Here's What You Need to Remember: Over the years, the T-14 Armata has received a lot of press hyping its various attributes, yet it is not at all clear how much these technologies have been tested or placed in actual war-like scenarios.
While it may at times be a challenge to sift through a lot of the hype and hyperbole surrounding Russia’s T-14 Armata tank, the war vehicle does appear to present a series of very significant threats to U.S. and NATO forces, should some of its reported attributes be accurate.
Multiple reports say the tank is lighter weight than an Abrams main battle tank, weighing about fifty-five tons, as well as faster, meaning it can reach speeds up to fifty-five miles per hour compared with the Abrams top speed of roughly forty-five miles per hour.
The T-14 Armata tank is also listed to include other assets such as an unmanned turret, three-man crew, twelve-round per minute firing range and 125-millimeter smoothbore cannon. The platform is also reported to operate without a “fume extractor” and protect the three-man crew with an armored capsule.
Over the years, the T-14 Armata has received a lot of press hyping its various attributes, yet it is not at all clear how much these technologies have been tested or placed in actual war-like scenarios. A news report from Sputnik several years ago reported that tank-maker Uralvagonzavod has developed a “remotely-detonated” 125-millimeter shell for the T-14 Armata. A report in Popular Mechanics from several years ago says the T-14 Armata’s now-in-development 3UBK21 Sprinter missile can hit ranges more than seven miles, according to the report. The Armata’s current round, the 9M119 Reflecks, has a range of 3.1 miles (roughly comparable to the current Abrams tanks) and can penetrate up to nine hundred millimeters of armor, Popular Mechanics notes. However, there do not appear to be any test reports or analyses about the performance of the T-14 Armata in wargames or live-fire events, meaning it is not clear how much verification there may or may not be about its weaponry.
While, quite naturally, the range and particular technical capabilities of the U.S. Army’s emerging tank sights are not available for security reasons, several Russian news reports, such as the GRU Pycckoe report that the new Russian T-14 Armata’s thermal targeting sights are able to discern tank-size targets during the daytime at ranges out to five kilometers. The same report states that the nighttime sights can reach 3.5 kilometers.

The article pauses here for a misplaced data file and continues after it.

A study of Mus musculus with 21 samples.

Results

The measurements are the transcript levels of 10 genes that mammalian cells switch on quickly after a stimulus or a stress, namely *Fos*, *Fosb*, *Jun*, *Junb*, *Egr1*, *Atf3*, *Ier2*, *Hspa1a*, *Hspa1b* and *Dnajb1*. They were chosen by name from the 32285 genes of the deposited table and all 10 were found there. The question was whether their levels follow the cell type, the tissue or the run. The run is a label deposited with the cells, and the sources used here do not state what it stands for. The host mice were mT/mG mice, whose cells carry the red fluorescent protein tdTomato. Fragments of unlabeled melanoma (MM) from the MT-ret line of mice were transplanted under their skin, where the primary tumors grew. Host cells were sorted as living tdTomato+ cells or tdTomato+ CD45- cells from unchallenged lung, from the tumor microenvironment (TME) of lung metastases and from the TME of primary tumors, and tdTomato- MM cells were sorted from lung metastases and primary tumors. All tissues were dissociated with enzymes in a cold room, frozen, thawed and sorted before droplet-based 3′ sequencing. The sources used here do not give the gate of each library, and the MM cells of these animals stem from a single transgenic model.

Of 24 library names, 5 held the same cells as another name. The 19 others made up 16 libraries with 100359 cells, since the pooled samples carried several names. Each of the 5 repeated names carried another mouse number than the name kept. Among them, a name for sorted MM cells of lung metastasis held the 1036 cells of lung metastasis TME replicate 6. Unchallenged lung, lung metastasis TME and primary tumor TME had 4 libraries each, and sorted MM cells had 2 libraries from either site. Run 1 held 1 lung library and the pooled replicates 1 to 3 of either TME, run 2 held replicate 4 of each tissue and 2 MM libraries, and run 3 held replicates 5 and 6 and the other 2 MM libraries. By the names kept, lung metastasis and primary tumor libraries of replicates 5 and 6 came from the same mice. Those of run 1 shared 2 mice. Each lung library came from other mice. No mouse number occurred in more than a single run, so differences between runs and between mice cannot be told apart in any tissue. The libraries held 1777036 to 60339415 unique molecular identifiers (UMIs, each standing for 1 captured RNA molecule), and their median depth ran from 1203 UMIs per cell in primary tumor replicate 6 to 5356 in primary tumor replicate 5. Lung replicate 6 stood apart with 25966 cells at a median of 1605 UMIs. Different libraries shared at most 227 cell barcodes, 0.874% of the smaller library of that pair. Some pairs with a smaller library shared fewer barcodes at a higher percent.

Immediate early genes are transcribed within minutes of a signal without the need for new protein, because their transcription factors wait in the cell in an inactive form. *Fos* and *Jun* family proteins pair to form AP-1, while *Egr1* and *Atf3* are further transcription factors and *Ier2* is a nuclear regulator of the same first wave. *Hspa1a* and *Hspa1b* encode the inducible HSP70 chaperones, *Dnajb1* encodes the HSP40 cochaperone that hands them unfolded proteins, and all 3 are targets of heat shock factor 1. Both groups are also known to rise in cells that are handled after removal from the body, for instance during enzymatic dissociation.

Yet another report cites a wide range of attributes of the Russian T-14 Armata, to include specific comparisons to the Abrams tank, yet much of its characterizations may lack context. The report, from hotcars.com, presents a number of interesting technical facts about the Armata, including its 1,500-2,000 horsepower diesel engine. The article argues that its engine is more powerful than an Abrams tank due to its having a better thrust-to-weight ratio, meaning that a 1,500-horsepower Armata engine drives a 55-ton tank, whereas an Abrams 1,500 horsepower turbo gasoline engine powers a heavier tank at 70-tons. However, while the hotcars.com report cites the Aramata’s Afghanit Active Protection System, claiming it is extremely advanced, it seems very unlikely that a fifty-five-ton tank would in any way be comparable in terms of survivability compared with an Abrams tank.
There is, at least at the moment, nothing in the world of lightweight composites ready to truly replace or match the protective functions of heavy armor, and the materials built into the Armata may not be fully known. Also, while the Abrams tank does have a Trophy Active Protection system, that does not necessarily mean heavy protective armor should disappear, at least not yet. Therefore, power-to-weight ratios, speed, and mobility-enhancing weight may not matter much if a tank is quickly cripppled, disabled, or destroyed by incoming rocket-propelled grenades, anti-tank missiles or other kinds of incoming fire. While survivability details regarding exactly what an Abrams tank can withstand may not be available for security reasons, it seems possible that a more heavily armored Abrams might be in a position to better withstand enemy fire.
Kris Osborn is the defense editor for the National Interest. Osborn previously served at the Pentagon as a Highly Qualified Expert with the Office of the Assistant Secretary of the Army—Acquisition, Logistics & Technology. Osborn has also worked as an anchor and on-air military specialist at national TV networks. He has appeared as a guest military expert on Fox News, MSNBC, The Military Channel, and The History Channel. He also has a Master's Degree in Comparative Literature from Columbia University.